Working women have been a growing force in the economy for three decades, as more women graduate from college, take professional jobs and influence household spending decisions. In some important ways, women even outpace men. They fared better during the recent recession, for instance, and women now earn the majority of bachelor’s and advanced degrees.A few indicators, however, suggest that women’s economic gains have been frustratingly limited. Perhaps the most prominent is a stubborn "gender wage gap" that seems to leave women earning less than men for comparable work. According to one oft-quoted study, women still earn 23% less than men, a deficit that has produced heated debate over workplace policies, family priorities and the changing nature of motherhood (and compelled a lot of men to simply keep their mouths shut).
New research by compensation analysts at Payscale might hearten working women while lowering the temperature on the whole issue. Payscale crunched numbers on pay and other factors in dozens of fields and extracted insights that suggest women are making larger strides than are often recognized. Here are three enduring notions about working women that might need to be reexamined:
Women earn far less than men. On an aggregate basis this is true, but Payscale controlled for a variety of factors and found that the pay gap is far narrower among men and women who have similar levels of experience, work in the same fields and locations, have the same skills and certifications and are otherwise workplace clones. Among non-managerial workers, Payscale found no pay gap at all, on an apples-to-apples basis. At more senior levels, women do earn slightly less than men, but the biggest gap was only 8.5% -- far lower than the frequently mentioned 23%. And that gap may exist because top male executives put in more hours, travel more and spend more time with clients than their female counterparts, which is hard to measure among salaried employees.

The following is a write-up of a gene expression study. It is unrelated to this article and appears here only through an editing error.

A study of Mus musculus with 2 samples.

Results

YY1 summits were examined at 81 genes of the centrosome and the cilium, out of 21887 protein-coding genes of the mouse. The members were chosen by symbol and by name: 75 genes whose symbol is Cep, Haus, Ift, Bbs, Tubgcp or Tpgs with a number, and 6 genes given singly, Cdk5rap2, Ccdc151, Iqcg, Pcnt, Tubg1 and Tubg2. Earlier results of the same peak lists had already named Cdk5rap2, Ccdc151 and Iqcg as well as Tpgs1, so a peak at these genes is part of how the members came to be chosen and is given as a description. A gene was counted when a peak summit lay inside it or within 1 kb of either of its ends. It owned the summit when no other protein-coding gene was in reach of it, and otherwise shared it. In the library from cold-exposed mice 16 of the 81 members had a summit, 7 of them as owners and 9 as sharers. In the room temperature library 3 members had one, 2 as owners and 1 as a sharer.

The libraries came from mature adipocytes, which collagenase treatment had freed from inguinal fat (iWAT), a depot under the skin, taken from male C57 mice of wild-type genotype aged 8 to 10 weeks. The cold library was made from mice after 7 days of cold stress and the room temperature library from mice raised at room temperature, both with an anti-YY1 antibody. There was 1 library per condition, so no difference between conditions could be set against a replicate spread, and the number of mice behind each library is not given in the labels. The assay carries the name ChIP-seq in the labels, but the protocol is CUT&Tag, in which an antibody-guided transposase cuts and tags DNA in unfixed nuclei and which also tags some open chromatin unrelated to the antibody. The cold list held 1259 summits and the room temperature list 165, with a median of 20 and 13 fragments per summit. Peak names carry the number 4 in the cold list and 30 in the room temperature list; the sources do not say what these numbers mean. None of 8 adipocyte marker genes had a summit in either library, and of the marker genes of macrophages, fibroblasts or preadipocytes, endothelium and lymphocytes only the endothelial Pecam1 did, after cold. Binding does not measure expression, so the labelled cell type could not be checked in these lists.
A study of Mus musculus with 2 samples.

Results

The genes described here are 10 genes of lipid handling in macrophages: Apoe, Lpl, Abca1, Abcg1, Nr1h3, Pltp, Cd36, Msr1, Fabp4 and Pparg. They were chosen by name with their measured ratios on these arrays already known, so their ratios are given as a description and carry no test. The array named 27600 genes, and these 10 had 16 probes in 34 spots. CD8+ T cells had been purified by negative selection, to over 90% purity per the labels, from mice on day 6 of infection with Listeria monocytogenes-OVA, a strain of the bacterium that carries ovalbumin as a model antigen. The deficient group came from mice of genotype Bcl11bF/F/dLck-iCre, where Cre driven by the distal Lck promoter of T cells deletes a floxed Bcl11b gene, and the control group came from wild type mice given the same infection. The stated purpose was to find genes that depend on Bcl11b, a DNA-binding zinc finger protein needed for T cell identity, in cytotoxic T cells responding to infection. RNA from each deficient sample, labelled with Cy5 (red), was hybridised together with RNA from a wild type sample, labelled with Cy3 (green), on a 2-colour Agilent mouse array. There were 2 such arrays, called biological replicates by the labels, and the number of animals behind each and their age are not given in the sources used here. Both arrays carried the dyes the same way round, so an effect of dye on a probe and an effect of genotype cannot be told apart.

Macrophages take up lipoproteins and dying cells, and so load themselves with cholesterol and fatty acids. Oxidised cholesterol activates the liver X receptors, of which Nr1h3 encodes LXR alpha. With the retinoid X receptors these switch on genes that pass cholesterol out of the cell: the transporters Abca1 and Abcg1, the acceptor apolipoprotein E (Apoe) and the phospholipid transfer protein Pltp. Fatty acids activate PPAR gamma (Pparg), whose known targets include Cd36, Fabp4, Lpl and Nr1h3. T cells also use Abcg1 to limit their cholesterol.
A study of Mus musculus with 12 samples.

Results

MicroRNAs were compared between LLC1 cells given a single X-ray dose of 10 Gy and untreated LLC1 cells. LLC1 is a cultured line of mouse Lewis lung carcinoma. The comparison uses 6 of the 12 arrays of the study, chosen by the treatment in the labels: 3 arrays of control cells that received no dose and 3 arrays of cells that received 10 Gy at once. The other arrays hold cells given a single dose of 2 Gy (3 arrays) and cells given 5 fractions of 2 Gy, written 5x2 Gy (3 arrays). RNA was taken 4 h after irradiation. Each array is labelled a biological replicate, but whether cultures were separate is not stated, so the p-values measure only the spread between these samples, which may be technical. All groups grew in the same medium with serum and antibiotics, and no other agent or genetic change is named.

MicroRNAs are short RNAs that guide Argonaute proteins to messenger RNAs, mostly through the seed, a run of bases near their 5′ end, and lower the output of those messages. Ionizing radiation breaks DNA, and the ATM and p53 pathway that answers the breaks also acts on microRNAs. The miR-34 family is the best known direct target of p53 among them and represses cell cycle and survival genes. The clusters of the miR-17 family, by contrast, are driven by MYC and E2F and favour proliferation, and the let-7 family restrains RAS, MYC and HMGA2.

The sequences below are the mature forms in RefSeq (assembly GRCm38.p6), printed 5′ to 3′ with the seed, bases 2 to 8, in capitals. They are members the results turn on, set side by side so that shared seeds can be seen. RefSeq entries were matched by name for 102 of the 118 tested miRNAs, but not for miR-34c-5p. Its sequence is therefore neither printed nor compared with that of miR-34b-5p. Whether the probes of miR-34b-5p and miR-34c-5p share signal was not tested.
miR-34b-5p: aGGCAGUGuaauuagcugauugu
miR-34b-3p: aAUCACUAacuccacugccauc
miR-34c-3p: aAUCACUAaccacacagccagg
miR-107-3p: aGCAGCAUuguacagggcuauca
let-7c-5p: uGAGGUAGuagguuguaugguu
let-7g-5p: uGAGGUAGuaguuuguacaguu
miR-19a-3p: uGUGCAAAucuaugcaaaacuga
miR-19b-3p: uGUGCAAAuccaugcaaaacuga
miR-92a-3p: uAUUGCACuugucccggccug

As other pay experts have pointed out, women tend to earn less overall because they are more likely to work in fields such as health care, education and social work that pay less than male-dominated fields such as vocational trades, engineering and financial services. But women don't go into the workforce blindly, and they often know the tradeoffs.
"Women consider a lot of factors and not just monetary benefits," points out Katie Bardaro, lead economist for Payscale. "Many women choose jobs with a certain level of flexibility." And that, incidentally, often benefits the men in their lives.
Women don't "lean in." Facebook (FB) executive Sheryl Sandberg famously encouraged women to be more aggressive about getting ahead in her recent bestseller "Lean In." But the assumption that working women are more timid than their male counterparts is a flimsy one. Payscale found that women were just as likely to ask for a raise as men at every income level up to $100,000 -- and slightly more likely in some cases. As women become more senior, they also become more likely to ask for a raise, but men outpace them on aggressiveness as they rise on the career ladder.
So the real message for ambitious women might be, lean in further and further the more you get ahead.
Women only do well in "female-dominated" industries. Large differences in the proportion of men and women in different fields suggests that some women may deliberately avoid male-dominated industries, perhaps because they feel they will be unwelcome there. But Payscale's data show that women in several traditional male industries earn just as much as the fellas. In jobs such as security manager, mechanical drafter, mechanical engineer, information technology assistant, computer repair technician and civil engineer, Payscale found no wage gap at all. And in many other industries, the gap was small.
Women still face the fact of being the only sex able to bear children, which can clearly disrupt a career, no matter what the data say. Still, young women choosing a career may have more good options than they realize. And women who are more established in their careers might be rewarded more than they think for cranking up their ambitions. Before long, it might be the guys who have to lean in more.
Rick Newman's latest book is Rebounders: How Winners Pivot From Setback To Success. Follow him on Twitter: @rickjnewman.